There have three total lunar eclipses in winter within the past 10 years. But there has not been a total lunar eclipse on the longest night of the year – or winter solstice – in the past 456 years. And, there will not be another lunar eclipse on the winter solstice for another 84 years.
Am I going to be outside viewing the big event at 12:01 a.m. on December 21, 2010? Absolutely.
My daughter and I have all the gear set aside for a walk on nearby Ghost Lake – from long underwear, wind pants and heavy winter boots to down coats to hats, mitts and scarves. We’re making a thermos of hot chocolate and packing up the cameras. We’ve been online to NASA’s Science News page to learn what’s so special about this event.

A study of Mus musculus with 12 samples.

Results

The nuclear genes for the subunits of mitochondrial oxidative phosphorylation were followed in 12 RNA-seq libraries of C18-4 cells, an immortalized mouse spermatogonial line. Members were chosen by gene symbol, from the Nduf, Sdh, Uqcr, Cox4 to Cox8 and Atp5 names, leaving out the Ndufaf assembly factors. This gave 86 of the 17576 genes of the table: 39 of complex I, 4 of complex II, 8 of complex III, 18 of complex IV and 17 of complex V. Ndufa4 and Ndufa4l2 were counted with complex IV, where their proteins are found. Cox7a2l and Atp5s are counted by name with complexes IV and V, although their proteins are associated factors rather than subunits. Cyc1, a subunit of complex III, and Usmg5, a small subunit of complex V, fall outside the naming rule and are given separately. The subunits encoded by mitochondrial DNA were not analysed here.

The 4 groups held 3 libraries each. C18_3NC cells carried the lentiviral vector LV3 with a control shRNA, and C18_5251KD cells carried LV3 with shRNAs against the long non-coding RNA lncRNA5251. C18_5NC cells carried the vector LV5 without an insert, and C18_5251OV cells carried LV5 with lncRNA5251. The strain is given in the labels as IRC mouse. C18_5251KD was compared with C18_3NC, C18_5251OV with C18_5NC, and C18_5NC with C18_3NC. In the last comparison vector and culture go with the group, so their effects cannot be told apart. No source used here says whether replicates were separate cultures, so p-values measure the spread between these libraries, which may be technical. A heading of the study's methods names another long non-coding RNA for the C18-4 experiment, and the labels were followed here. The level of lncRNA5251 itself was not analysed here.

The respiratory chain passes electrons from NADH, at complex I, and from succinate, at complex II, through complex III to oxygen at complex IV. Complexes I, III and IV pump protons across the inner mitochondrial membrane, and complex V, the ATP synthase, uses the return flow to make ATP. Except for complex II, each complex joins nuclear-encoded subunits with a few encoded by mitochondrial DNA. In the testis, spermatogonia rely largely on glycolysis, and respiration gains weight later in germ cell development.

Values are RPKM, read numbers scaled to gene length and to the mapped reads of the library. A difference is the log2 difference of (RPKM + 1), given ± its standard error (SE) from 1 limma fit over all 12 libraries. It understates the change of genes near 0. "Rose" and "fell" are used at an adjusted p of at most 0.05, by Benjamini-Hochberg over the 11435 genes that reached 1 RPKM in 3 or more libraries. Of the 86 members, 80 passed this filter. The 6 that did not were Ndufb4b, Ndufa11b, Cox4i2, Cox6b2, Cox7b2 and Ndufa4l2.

The earth passes between the full moon and the sun once a month. Normally, the earth, sun and moon are not perfectly aligned. During a lunar eclipse, they are lined up so that the earth’s shadow is cast over the moon.
Tonight’s lunar eclipse, here in Alberta, is set to start at 11:33 p.m. Just over an hour later, totality – the point where the moon is completely in earth’s shadow – will occur. It’s going to be a particularly reddish-colored eclipse. It will last 72 minutes.
I’m don’t know whether or not we’ll last the entire time. Checking Environment Canada’s weather office, current temperature is -19 C ( -2.2 F) with a 4 km/hr (2.5 mi/hr) NW wind. One thing I do know, we’ll be get to see the lunar eclipse of a lifetime, enjoy the outdoors, and will have the right gear for making it as comfortable as possible.
Midnight on a frozen lake never looked so promising! How did it look from your corner of the world? Where did you head out to view the eclipse? Please drop a comment and let us know!